Not Very Good

Categories: Timberwolves

Blazers 90, Wolves 79
Season Record: 4-27
Current Streak: 6L

Here's the good news: On Wednesday night, the Timberwolves out-rebounded the Trailblazers both overall (46-44) and on the offensive glass (15-9), leading to a 20-11 advantage in second-chance points. They also held a dominant 40-20 advantage in the paint. They hit only two fewer free-throws (20-25 vs. 22-27) than their opponents, and, by and large, played decent defense, holding the red-hot Blazers to a 39 percent shooting night.

Big Al, despite a long stretch in the middle of the game where he vanished entirely, had another solid game, scoring 29 points on 24 shots to go along with 16 boards, including eight offensive boards that led to a couple nifty put-back dunks.

Here's the bad: The Wolves could not buy a basket from beyond the paint. Aside from a brief (believe us, it was brief!) two-shot flurry from Gerald Green in the third period, the Wolves turned out one of their worst shooting performances in a season of putrid shooting performances. The Wolves' wingmen shot a combined 15-49, including 3-14 from beyond the arc.

After the game, when asked if the woeful shooting was a matchup thing or a "roster issue," Wittman answered pseudo-diplomatically. "It's not our strength," he said, before going on to talk about how the Blazers, by contrast, are a team loaded with guys who can nail open (and not-so-open) shots.

After showing a fair amount of emotion in a string of recent post-game press conferences, it sounded and felt on Wednesday a little as if Wittman, who insisted he wasn't "making excuses" by citing the team's travel schedule as a possible cause of the flat shooting performance, had thrown in the towel.

It also felt that way when he ended the third and started the fourth periods by putting McCants, Green, Jaric, Walker, and Jefferson on the floor together. It's not clear if this grotesque troika of underperforming shooting guards is one that we will ever see on the floor again in a game anywhere, ever, but it does say "Fuck me, fuck the world, and fuck this fucking game" like little else we've seen this season.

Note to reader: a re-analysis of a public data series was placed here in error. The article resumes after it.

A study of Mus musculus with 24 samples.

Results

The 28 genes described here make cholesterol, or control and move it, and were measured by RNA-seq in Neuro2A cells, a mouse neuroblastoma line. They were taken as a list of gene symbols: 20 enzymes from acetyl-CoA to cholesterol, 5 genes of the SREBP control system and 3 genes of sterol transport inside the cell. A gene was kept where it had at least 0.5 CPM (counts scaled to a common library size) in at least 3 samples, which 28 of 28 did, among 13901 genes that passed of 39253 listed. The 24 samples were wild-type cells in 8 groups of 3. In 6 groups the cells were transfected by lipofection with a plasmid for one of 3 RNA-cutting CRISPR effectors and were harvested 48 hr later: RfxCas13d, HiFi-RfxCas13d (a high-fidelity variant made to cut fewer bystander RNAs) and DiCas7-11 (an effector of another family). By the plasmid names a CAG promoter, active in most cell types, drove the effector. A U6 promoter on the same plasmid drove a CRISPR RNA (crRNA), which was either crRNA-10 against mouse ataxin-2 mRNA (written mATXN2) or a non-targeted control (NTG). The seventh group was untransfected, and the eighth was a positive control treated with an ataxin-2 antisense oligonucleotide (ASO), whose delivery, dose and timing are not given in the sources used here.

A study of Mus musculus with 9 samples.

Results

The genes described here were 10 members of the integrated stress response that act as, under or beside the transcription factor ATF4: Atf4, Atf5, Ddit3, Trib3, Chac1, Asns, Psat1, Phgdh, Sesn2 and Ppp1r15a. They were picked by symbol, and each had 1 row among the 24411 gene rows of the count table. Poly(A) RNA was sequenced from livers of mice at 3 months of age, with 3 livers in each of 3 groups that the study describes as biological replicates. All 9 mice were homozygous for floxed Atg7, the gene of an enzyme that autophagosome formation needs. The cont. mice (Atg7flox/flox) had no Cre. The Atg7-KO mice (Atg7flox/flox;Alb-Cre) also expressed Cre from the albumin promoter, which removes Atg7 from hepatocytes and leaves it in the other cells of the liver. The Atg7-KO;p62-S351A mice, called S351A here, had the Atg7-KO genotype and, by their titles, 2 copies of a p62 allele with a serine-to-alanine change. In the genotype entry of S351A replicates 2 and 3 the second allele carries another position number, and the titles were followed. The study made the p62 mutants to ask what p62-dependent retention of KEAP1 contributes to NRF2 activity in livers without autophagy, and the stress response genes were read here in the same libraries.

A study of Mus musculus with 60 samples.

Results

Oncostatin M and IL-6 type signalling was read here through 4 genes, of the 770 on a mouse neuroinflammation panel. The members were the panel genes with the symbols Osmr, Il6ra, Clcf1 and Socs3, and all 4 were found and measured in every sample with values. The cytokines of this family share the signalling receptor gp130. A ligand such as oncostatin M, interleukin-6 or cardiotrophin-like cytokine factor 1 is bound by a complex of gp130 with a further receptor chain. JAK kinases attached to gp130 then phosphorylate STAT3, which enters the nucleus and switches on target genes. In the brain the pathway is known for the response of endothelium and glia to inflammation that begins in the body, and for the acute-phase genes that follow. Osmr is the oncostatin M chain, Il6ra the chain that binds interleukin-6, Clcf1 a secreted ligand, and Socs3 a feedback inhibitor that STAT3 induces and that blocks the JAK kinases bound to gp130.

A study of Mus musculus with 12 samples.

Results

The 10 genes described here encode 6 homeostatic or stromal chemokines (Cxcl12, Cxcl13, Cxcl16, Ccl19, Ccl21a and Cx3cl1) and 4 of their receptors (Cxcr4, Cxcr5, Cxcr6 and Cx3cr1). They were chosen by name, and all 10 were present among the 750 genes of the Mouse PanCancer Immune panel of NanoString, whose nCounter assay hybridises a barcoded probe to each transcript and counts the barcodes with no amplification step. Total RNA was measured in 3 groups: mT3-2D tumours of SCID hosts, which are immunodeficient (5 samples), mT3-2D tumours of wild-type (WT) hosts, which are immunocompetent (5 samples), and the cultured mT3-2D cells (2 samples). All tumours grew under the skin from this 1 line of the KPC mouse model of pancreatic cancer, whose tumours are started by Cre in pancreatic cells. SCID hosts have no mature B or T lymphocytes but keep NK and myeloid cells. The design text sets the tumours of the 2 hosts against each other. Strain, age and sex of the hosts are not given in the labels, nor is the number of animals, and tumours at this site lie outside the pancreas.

Marko Dark
Speaking of Marko, he registered a notably absent effort in Wednesday's game. In 16+ minutes on the court, he posted exactly one assist and one turnover. He didn't even attempt a shot. His most memorable play was driving the lane and planting the ball firmly in the hands of Channing Frye. It resulted in a jump ball, which Marko lost. Jaric's confidence has always been razor thin, and it has pretty clearly been shattered since his return from a gimpy ankle, and, more recently, the flu.

When it comes to undisguised emotions, Jaric is up there with Gerald Green as the most open-feelinged dude on the team. And Gerald sets a high bar. In the locker room after the game, Jaric sat at his locker in the corner.

As the rest of the team dressed and departed, Jaric sat with a towel wrapped around his waist, staring sullenly into space. When we approached to ask how things were hanging, he answered in a small, non-malicious voice.

"Could we just skip it tonight, please?"

Sure, we said, no problem.

"I just have no idea what to say," he explained.

Ouch.

Locker Room Notes
On another bitter note, we also had occasion to speak with Brandon Roy after the game. Called "The third best player in the league" last week by Magic Johnson, he was friendly, well-spoken, and eager to get to the team bus. We asked if it felt weird coming to Minneapolis—the city he was drafted into before being traded minutes later for Randy Foye and cash considerations.

“A little. Minneapolis is a nice city. It’s a little strange walking around and thinking, what if my family lived here?”

However, he pointed out with evident pride (and probably a fair bit of relief), “I’m a Trailblazer now.”